ChartoftheDay.com had an update of their chart labeled "Depression-Era Bear Market Rallies (Dow 1929-1932)" which is interesting in many, many ways, starting with the fact that it only concerns one particular three-year span, which implies that thereafter there were no more bear market rallies of note, which is pretty much right, as everything economic continued going into the toilet until finally being "saved" by the government's massive deficit-spending to wage WWII, which we willingly backed as a vengeful patriotic duty, thanks to Hollywood movies heroically exposing all foreigners as treacherous, murderous backstabbers who speak English with foreign accents and who think we Americans are powerful, omnipotent gods, like Peter Lorre in the movie Casablanca fleeing from the police after emptying his pistol at them but missing every shot, shouting, "Rick! Rick! Save me Rick!"
Or like James Coburn playing the role of Z.O.W.I.E. agent Derek Flint, America's top secret agent in the '60s and who could easily kick James Bond's butt, which could explain why beautiful women were always throwing themselves at him, and while James Bond might score with one or two chicks the whole film, Agent Flint was up to his ears in hot babes, literally having to use karate to hack his way through throngs of adoring hard-body hotties in bikinis lusting after him, many of whom may have had foreign accents but were docile, so you can see what I am talking about.
Anyway, we were talking about the chart, and to get back to the point, the chart has "number of calendar days" down along the horizontal, bottom, x-axis, and "Stock Market Rally (% change)" vertically up along the y-axis. It is the answer to the questions "How big (measured in percentages) and how long (measured in days) were bear market rallies, what is the average percentage gain and have it on my desk immediately!" which you gotta admit is pretty handy!
Anyway, and again with the "anyway," the chart shows that we are about 100 days into a rally, and looking at the chart, it looks like a stock price rally of about 34%, slightly higher than the statistical average of the percentage-change/days for the six bear market rallies that occurred over the three beginning years of the Great Depression.
In another couple of months, we'll be at about the record "longest rally" 155-day mark, where we also find the old record stock price gain of about 48% that occurred in November 1929.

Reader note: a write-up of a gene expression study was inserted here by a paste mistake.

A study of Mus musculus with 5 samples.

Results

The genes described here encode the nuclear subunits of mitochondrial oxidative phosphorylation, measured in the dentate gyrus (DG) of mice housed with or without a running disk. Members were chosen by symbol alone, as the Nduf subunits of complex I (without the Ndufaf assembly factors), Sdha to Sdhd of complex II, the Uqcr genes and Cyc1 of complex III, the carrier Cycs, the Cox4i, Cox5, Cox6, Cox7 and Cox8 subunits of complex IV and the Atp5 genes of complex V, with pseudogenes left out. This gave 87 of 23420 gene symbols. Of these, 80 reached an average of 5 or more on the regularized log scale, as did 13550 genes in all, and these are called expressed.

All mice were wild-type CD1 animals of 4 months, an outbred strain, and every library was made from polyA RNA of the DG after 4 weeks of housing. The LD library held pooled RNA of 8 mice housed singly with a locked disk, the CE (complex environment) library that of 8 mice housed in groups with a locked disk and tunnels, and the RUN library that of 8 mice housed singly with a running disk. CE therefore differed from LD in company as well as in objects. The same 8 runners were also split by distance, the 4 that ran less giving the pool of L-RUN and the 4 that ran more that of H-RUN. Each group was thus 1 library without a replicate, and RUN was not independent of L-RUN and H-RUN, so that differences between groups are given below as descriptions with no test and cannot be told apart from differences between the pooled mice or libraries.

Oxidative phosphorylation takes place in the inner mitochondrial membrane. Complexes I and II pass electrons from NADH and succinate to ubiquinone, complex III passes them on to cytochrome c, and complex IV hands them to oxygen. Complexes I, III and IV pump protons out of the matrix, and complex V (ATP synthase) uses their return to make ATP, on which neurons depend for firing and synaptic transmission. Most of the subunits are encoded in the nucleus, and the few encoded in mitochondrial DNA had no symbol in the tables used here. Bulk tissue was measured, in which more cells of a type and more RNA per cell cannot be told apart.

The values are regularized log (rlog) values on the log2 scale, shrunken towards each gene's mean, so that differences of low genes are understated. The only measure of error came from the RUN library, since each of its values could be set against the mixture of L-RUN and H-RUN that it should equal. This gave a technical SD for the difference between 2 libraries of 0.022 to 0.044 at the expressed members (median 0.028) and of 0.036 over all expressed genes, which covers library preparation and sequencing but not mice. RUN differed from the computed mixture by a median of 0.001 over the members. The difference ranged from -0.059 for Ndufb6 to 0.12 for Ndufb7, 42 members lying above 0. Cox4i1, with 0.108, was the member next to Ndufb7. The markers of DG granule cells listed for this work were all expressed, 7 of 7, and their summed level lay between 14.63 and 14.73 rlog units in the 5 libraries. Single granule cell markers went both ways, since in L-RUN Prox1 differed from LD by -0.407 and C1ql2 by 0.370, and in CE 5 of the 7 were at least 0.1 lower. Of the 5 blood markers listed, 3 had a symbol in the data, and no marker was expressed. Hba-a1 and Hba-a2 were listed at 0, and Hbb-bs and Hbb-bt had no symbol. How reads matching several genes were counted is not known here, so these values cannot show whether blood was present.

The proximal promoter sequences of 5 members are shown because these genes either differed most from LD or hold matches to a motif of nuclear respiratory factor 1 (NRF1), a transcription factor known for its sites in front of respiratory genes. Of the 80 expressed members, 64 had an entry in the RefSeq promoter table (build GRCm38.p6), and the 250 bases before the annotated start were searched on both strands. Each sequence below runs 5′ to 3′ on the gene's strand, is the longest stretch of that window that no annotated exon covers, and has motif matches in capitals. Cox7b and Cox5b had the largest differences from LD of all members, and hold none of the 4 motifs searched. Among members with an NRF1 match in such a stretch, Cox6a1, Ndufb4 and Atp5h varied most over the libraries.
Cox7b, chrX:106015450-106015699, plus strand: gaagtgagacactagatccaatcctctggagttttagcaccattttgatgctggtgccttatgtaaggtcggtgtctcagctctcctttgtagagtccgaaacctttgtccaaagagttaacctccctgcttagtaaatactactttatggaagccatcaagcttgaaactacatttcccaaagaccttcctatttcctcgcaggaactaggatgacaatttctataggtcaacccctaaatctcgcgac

Another thing that occurs to me, looking at this chart, is that our current little stock market rally of about 34% of the Dow Jones Industrials is already higher than 4 of these rallies in terms of percentage gains, and is older than all but the biggest and the best of the bear market rallies, and which started in November 1929 and lasted about 155 days! Yikes!
In other words, if there was a third dimension on the graph to indicate time in both Newtonian dimensions and in some weird time-warp where the starship Enterprise, on her five-year mission to explore strange new worlds, seek out new life and go where no man has gone before, is bearing down on the last outpost of previous highs, Scotty would be yelling up to the bridge, "Captain! We're coming to the edge of Previous Known Highs (PNH) at hyperspace speed, and you know what happened the last time this kind of thing happened!" and Captain Kirk says, "No, what happened?" whereupon Mr. Spock, all calm and logical, would say, "The whole thing collapsed, Jim, sort of like a Glornassian Crapworm when you hit it with a hand phaser," which would be enough for Kirk to scream out, "Captain's supplemental log! This is the captain! Abandon ship! We're going to freaking crash and burn! All hands buy gold!" which, if you knew Captain Kirk like I do, would end up being the smart thing to do by the end of the episode.
In short, all things end, including the phase where a national idiocy prevailed where everyone "invests for the long term" by putting all their money into stocks, bonds, houses, bigger government and an orgy of over-consumption, which is proven to be the wrong thing to do, and where people did not put their money in gold, which is the proven right thing to do, as even a Glornassian Crapworm knows.
And if everybody from a starship captain to a stupid Glornassian Crapworm knows this, then, "Whee! This investing stuff is easy!"